Prof Vents about Textbook Rentals

Does renting textbooks save students money or cost them the real value of a college education? Sheila Liming, an assistant professor of English at the University of North Dakota, Grand Forks, makes a case for the latter in an opinion column for Inside Higher Education.

“A degree used to mean learning from texts and racking up a cumulative store of skills and reference materials along the way,” she wrote. “But with the rise of textbook rentals, the rules of learning are getting rewritten, and not by education professionals, and not in accordance with the needs of student consumers, either.”

Her issue with rentals is they’re promoted as a cost-savings option but there are limits to how students can access and use the materials. Those are roadblocks that inhibit critical thinking and conversation, according to Liming.

“Rental companies insist that a given book can only be ‘useful’ to a student for the duration of a single semester, and so encourage students to see their own learning as fated for expiration and uselessness,” she said. “Even worse, rental companies and vendors—including campus bookstores—actively discourage students’ efforts to use the text they have rented, since wear and tear threatens the longevity of a book that a vendor wants to re-rent over and over again.”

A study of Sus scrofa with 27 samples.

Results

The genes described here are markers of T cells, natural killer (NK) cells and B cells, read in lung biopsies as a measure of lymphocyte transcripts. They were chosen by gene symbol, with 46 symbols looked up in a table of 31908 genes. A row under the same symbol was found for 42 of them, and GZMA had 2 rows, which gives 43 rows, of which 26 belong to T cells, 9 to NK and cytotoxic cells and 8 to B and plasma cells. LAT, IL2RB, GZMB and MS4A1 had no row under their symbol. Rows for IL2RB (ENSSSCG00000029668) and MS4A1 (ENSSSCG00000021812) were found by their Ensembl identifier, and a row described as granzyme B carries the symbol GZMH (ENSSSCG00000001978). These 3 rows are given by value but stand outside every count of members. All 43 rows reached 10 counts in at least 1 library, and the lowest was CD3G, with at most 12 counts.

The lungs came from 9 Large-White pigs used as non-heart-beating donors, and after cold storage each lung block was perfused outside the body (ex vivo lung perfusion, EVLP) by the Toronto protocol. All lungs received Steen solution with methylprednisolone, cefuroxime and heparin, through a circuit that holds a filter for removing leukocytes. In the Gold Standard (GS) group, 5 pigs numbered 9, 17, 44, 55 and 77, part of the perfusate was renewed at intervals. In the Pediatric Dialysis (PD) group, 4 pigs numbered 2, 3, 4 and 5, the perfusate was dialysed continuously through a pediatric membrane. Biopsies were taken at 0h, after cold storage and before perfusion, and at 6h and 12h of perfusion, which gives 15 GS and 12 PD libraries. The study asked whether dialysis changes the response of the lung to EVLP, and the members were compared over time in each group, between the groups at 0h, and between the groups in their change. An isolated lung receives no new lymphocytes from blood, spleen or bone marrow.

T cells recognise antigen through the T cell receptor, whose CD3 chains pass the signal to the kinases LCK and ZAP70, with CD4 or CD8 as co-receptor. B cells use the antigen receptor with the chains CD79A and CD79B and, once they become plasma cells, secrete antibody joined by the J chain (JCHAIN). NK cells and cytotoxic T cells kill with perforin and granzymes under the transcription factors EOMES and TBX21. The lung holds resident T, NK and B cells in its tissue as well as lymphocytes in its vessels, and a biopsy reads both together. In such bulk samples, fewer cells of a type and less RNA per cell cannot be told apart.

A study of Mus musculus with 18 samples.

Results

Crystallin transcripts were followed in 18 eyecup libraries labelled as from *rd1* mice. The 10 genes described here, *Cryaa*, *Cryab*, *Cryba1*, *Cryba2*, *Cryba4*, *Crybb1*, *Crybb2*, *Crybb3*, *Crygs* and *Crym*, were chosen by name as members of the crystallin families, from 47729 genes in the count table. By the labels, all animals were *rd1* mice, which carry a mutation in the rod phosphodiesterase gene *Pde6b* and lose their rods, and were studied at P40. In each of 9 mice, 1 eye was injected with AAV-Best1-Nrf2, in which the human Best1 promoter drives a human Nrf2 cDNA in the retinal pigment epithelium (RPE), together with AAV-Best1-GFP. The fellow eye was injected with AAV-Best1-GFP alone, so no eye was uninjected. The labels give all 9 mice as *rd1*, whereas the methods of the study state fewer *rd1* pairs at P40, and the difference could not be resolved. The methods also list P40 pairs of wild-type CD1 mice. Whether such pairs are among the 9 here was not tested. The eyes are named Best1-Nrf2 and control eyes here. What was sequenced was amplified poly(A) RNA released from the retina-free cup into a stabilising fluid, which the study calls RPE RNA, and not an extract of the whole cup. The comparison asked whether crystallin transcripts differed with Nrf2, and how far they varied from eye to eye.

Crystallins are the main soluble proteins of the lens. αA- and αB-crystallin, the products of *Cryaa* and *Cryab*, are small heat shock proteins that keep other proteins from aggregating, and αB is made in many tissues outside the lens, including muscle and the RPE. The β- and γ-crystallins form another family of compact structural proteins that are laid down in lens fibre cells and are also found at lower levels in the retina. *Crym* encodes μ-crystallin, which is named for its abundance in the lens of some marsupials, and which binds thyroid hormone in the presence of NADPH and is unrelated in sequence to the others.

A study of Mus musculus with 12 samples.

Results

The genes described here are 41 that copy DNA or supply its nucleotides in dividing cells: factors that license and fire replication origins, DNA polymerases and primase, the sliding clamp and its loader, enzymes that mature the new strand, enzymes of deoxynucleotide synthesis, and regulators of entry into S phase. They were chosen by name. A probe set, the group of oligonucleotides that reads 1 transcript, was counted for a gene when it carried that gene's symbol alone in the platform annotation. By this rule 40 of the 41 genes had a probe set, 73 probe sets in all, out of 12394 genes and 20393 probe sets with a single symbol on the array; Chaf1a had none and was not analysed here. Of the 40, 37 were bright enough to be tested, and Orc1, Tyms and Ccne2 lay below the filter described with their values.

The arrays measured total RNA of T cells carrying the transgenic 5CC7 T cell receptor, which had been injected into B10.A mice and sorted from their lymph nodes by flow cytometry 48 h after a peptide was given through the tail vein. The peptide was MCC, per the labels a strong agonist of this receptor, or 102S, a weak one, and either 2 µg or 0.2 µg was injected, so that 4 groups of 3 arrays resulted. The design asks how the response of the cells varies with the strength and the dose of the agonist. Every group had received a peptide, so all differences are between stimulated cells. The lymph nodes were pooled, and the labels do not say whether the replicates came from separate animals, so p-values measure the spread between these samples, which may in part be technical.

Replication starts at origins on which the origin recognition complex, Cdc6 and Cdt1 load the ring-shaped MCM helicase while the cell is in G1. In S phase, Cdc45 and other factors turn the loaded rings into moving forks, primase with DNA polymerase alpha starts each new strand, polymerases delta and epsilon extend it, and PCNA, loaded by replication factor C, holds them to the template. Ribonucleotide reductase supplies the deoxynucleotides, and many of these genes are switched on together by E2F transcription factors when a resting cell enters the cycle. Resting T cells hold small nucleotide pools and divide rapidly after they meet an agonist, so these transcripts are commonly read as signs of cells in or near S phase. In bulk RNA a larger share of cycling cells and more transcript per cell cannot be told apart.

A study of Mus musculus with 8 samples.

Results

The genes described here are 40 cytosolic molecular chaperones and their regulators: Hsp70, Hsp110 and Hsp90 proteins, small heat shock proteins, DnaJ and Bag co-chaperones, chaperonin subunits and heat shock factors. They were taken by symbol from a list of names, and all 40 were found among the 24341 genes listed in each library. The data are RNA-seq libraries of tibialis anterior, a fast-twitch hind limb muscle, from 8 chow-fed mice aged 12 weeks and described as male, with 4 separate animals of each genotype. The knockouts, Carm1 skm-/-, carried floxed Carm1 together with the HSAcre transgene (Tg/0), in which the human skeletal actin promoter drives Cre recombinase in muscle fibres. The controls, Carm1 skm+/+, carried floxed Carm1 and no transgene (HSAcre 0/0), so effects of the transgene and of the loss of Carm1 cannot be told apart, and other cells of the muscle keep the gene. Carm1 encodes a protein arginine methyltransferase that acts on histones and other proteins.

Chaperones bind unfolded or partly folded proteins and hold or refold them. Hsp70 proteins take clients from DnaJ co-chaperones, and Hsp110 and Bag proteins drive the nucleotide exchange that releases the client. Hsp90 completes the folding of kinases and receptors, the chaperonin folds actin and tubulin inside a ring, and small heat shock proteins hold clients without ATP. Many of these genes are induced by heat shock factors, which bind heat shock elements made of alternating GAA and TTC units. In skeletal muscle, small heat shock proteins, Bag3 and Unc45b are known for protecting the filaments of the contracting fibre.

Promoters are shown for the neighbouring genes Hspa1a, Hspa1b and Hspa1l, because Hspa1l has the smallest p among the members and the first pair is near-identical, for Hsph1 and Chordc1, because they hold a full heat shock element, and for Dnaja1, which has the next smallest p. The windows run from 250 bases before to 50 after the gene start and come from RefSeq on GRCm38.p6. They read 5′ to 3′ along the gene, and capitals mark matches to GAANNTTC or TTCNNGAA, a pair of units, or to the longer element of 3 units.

To Liming, rental is just the latest “scheme” to make a buck, and is doing so at the expense of students’ education, depriving them of the ability to look back at previous classes or assignments to gauge their progress.

“Students are paying more and being coerced into renting because they are told they must, and  because they have not been made aware of their options,” she concluded. “It is therefore up to education professionals to show them—and to fight for the expansion of—worthy, cost-friendly alternatives, including both OER (open educational resources) and affordable print editions. Those alternatives do exist, and anyone who says differently is, as the saying goes, probably selling something.”

Liming may have a point when it comes to affordable alternatives for her English classes, but what about required texts for introductory biology or chemistry classes? Do students with other majors actually want to keep them to reflect back on and will they ever consider those textbooks affordable?